Senate Republicans have escalated their sabotage of the judicial nominations process this week, most recently by forcing the Senate to wait until 1:00 am this morning to hold a confirmation vote on Nina Pillard to the D.C. Circuit. Senate Majority Leader Harry Reid has said he will keep the Senate in session for the rest of the week in order to hold what should be routine confirmation votes, which are being needlessly delayed by these GOP antics.
The obstruction isn't just on the Senate floor: This morning, Republicans prevented the Senate Judiciary Committee from even meeting.
Under a rarely enforced Senate rule, committees can't meet more than two hours after the Senate goes into session. Routinely, senators give unanimous consent to waive the rule so the committee can carry out the chamber's – and the country's – business. But today, Republicans refused unanimous consent to let the Judiciary Committee meet.
The committee has a busy schedule, with votes scheduled for 15 judicial nominees who have testified before the members and answered follow-up written questions. Among those are nominees for vacancies designated as judicial emergencies by the Administrative Office of U.S. Courts. Each one of the nominees has been fully vetted and has the support of their home state senators, including Republicans Mark Kirk (IL), Pat Roberts and Jerry Moran (KS), Lamar Alexander and Bob Corker (TN), Roy Blunt (MO), and Pat Toomey (PA).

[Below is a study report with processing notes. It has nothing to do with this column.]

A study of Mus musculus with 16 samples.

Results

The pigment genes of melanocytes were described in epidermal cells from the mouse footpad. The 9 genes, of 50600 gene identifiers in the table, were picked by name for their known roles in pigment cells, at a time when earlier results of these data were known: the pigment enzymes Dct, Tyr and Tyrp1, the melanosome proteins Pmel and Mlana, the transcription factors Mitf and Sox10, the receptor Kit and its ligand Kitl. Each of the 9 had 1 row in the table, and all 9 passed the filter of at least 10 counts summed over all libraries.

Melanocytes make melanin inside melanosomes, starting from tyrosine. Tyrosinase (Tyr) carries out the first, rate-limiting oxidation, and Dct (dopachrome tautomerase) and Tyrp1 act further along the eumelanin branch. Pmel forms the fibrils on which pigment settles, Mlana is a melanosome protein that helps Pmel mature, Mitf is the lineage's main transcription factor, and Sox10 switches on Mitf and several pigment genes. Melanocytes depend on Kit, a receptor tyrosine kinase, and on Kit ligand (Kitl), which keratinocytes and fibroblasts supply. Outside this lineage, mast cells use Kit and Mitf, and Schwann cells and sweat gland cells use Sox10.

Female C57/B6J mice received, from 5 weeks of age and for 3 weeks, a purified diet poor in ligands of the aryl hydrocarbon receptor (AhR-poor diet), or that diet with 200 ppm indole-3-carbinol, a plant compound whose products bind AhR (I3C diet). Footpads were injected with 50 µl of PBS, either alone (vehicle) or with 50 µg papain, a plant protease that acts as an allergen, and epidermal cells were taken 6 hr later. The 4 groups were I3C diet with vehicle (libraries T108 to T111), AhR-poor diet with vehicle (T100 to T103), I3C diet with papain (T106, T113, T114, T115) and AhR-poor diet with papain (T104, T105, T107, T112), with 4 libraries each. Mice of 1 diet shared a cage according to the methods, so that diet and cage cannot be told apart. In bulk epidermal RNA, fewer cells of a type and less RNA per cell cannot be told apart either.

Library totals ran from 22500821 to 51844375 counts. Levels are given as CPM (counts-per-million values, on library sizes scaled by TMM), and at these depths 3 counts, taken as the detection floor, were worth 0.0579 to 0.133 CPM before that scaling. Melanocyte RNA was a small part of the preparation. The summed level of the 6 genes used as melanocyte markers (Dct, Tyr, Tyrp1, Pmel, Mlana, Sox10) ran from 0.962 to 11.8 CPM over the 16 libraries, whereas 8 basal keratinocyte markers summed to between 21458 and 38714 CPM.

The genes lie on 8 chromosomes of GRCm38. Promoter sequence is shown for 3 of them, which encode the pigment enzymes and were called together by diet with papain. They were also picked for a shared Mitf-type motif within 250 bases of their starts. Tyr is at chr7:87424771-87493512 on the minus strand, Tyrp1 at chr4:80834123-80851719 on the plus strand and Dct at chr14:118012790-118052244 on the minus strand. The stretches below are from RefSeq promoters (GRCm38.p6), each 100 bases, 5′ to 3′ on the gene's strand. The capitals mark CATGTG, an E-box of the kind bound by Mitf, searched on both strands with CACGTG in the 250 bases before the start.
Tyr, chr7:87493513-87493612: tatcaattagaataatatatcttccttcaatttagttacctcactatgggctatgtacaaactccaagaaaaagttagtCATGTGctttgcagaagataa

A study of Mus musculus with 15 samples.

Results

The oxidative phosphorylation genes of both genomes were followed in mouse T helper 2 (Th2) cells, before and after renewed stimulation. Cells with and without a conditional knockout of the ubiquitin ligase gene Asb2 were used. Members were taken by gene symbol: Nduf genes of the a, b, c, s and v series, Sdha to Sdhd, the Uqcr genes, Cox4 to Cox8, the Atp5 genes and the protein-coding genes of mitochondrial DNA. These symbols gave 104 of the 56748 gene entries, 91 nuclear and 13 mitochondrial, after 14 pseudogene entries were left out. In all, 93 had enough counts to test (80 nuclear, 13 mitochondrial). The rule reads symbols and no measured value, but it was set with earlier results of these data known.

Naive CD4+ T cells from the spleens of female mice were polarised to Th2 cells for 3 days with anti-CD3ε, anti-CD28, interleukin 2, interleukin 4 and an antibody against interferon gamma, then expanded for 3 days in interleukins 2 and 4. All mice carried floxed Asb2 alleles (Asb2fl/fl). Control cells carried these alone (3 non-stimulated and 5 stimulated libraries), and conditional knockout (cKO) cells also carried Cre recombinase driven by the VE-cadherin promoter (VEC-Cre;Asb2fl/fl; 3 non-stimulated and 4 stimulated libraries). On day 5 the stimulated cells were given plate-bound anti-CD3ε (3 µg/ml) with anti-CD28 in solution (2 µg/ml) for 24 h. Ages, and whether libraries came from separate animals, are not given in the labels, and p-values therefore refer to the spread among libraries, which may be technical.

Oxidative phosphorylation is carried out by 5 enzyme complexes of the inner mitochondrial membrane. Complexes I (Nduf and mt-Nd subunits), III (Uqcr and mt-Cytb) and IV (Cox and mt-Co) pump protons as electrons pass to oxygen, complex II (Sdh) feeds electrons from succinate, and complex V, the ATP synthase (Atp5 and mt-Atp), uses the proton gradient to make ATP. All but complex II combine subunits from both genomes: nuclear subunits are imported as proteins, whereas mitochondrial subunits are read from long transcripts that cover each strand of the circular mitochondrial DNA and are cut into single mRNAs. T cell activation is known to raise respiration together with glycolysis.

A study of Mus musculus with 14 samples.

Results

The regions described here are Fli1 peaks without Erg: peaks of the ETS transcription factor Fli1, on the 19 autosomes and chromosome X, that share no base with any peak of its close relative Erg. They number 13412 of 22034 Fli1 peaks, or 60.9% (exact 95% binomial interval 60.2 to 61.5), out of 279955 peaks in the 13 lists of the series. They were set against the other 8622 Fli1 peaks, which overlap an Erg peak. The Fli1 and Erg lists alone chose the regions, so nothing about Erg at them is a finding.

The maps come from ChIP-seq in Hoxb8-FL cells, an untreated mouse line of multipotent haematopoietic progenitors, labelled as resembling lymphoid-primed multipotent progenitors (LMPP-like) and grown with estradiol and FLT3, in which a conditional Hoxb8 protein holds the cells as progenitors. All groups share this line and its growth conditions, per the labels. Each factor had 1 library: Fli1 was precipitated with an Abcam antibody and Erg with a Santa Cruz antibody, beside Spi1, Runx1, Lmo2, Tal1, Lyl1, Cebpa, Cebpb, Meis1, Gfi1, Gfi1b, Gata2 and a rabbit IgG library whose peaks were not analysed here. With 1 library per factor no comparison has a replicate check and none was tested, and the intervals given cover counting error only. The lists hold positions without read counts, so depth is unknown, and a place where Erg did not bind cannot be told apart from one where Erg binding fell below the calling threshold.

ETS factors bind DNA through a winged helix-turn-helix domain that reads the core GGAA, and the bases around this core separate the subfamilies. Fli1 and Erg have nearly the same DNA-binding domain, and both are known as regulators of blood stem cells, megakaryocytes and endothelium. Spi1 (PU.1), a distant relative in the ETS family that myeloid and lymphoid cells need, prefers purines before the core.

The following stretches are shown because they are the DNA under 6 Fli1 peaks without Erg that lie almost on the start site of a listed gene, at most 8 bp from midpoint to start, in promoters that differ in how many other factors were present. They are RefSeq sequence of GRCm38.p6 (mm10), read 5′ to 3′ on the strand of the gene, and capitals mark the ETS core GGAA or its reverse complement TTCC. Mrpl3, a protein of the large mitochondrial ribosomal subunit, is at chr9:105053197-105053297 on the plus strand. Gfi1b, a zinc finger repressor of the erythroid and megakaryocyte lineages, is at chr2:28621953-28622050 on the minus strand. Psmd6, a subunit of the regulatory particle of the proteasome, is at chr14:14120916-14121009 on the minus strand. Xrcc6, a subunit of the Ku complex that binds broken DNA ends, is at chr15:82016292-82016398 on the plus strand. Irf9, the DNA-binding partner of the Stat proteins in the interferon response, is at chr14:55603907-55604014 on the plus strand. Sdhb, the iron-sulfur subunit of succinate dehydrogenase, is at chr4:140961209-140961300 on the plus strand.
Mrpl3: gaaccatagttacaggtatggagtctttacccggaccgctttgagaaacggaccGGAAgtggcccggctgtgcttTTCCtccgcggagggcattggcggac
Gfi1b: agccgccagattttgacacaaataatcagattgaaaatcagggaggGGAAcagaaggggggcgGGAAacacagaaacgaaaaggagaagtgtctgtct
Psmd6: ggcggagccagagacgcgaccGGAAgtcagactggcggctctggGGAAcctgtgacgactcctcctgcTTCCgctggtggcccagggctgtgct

But Senate Republicans just don't care.
To make things worse, even had the committee meeting been held, Republicans were expected to abuse another rule: As they have done with only five exceptions since Obama became president, they almost certainly would have demanded that the committee delay votes on these nominees for at least a week without giving a reason, a right under committee rules that they have abused and made a standard part of their mechanism of obstruction. But since the committee didn't meet, they haven't even crossed that hurdle yet.
If the committee is not able to meet until next week – the last week the Senate is expected to be in session – and Republicans force the nominees to be held over, then they'll be stuck in committee at year's end. Since that will be the end of a session of Congress, absent unanimous consent to do otherwise, Senate rules require the nominees to be sent back to the president for renomination in the next session. That would force all of these nominees to repeat the committee voting process all over again, where once again the GOP could find new ways to slow them down.